Speaking of the moon . .
There is too much to say, and lately I have been feeling so frustrated about this canvas of the internet. Our words to one another are so condensed. Have you noticed how we have become greeting cards? We leave out the "I" and say, "Hope you're doing well" but without room for the question of "How are you doing?" I am guilty of this too, especially on facebook-land. Sometimes I feel like because technology gives us this gift of connection regardless of geographical location, we forget the significance of how far from one another we are and what this means for our life experiences.
I guess I am not being so ballsy, but to get ballsier what I am feeling is that some people think that because I am facebook it erases the magic of what I am doing being so different. Is this an entitled thing to think or say? Probably. I guess I am missing the magic of what it used to mean (or what I think it used to mean) to be far from the people you love, for talking to your family and receiving postcards to be a treasured moment. Our communication is so distilled. From profiles, where you can choose carefully which aspects of yourself to display, to status updates, where you can pick through all the garbage in your mind and find the gems, to "Hope you're well" messages . . . We're all simmering in this giant internet-speak stockpot and I think the juices are disappearing. We might too.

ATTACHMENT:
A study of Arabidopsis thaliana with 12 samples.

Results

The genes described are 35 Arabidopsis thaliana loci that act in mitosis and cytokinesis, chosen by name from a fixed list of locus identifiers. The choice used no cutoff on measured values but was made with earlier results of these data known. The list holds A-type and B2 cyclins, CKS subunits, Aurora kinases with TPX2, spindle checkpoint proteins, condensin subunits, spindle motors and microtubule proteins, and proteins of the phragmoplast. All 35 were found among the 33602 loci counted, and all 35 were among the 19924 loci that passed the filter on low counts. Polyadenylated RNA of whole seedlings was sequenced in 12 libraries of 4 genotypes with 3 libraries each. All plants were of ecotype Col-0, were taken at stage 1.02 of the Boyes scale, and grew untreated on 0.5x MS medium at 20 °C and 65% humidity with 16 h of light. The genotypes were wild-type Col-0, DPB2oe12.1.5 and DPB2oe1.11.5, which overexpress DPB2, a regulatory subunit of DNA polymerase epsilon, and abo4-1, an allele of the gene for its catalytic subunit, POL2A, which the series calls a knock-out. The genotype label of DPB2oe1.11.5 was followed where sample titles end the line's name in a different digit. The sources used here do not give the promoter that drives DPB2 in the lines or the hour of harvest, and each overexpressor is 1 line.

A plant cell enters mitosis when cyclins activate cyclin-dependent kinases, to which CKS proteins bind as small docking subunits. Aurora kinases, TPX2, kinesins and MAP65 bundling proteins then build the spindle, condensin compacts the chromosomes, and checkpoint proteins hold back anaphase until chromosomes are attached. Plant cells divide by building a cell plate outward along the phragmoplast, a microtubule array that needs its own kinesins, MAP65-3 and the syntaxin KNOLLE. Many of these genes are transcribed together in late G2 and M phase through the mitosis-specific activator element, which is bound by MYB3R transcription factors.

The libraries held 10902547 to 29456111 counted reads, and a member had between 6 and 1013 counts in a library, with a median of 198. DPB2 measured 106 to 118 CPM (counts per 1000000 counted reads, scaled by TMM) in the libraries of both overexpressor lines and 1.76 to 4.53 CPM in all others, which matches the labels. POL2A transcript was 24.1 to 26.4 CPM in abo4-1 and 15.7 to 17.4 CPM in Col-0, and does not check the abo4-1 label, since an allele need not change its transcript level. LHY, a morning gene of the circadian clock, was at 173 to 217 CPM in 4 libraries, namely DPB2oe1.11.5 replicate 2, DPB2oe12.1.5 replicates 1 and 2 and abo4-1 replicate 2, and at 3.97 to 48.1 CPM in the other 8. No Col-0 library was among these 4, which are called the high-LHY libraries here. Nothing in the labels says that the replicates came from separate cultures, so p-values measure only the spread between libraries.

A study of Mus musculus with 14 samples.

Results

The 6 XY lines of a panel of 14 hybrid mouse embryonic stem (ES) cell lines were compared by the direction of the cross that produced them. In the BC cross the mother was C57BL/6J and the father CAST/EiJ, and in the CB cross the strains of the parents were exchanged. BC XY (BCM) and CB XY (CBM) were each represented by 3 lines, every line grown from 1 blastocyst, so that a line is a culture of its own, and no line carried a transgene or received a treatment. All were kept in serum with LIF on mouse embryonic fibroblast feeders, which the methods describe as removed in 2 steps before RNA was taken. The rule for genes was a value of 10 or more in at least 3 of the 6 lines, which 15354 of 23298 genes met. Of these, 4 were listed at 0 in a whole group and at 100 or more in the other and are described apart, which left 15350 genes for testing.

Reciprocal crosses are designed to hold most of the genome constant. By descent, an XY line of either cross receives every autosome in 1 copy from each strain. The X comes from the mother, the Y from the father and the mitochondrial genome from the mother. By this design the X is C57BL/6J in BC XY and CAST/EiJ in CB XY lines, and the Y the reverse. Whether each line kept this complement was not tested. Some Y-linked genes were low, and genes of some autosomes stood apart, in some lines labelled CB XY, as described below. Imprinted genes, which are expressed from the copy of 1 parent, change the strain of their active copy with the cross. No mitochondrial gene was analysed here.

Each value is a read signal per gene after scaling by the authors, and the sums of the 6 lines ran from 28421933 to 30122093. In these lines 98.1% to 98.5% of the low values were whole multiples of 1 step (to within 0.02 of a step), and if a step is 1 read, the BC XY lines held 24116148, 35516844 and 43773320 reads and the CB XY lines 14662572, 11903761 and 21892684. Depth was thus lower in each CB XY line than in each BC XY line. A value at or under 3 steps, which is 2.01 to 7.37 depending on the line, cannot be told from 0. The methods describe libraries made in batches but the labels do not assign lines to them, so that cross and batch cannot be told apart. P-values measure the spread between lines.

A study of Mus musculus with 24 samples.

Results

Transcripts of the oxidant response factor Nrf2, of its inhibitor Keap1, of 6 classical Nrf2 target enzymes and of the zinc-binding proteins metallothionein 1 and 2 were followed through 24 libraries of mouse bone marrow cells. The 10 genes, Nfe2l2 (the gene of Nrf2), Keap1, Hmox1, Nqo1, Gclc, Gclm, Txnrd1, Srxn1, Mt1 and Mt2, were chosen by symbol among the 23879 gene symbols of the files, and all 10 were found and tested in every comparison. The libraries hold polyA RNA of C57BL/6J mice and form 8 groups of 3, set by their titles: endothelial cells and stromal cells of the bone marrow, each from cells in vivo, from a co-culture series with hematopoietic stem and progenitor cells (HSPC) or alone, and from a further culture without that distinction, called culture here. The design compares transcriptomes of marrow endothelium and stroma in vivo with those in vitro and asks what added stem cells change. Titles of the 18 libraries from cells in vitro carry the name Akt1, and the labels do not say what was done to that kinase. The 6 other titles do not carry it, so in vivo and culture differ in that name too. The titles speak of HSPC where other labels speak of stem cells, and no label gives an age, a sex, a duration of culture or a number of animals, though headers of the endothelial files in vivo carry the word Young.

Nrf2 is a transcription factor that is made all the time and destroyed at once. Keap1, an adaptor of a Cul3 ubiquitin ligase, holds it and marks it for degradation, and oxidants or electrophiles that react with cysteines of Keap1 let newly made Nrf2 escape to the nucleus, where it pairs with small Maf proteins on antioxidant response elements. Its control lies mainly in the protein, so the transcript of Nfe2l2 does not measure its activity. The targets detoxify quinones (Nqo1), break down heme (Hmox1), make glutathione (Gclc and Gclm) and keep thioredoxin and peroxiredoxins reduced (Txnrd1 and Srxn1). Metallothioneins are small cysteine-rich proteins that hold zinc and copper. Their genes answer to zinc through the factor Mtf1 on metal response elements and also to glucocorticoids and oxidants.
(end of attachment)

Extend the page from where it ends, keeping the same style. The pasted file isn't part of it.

But enough of that. Here are a few words and photos from my life lately.
We started our vanilla extract.
We made gulyash.
Kathryn and I went into the hippie store downtown on my birthday, and this was my birthday mandala on their calendar. I asked the shop owner, a young guy with his hair twisted back, what it meant. His English was limited, and the translation was priceless. "Never can die your soul. Even if body to die, nothing stopping the..." he pauses, puts on a serious face, and then crazy eyebrow wiggles, "immortal soul of man!" We all laughed.
Also, Attila, A.K.A. Mr. Confident, gave me the best birthday present ever. Wine (which he pre-chilled before he brought over, classy stuff), plus this:
Bonus points if you can tell what the gift is.
I also made a pail-list, which is smaller than a bucket-list, and with a smaller time frame and list of things to do. This is the beginning.
Oh! I got a bike. Today I biked home from school while tender-looking snowflakes stung my eyes and brought a smile to my chapped lips.
And teaching. Oh boy, teaching is fun, funny, challenging, wild, weird, wacky, frustrating, heartening, exhausting, energizing. All of these words apply to my life on a whole at different times and I feel like the waters moving through me are changing too rapidly for me to put my finger on where the current is taking them -- I can't quite pin down how I am feeling or doing because the minute my hands are holding onto something, it changes in my fist into something else entirely.
Is this what it means to go with the flow?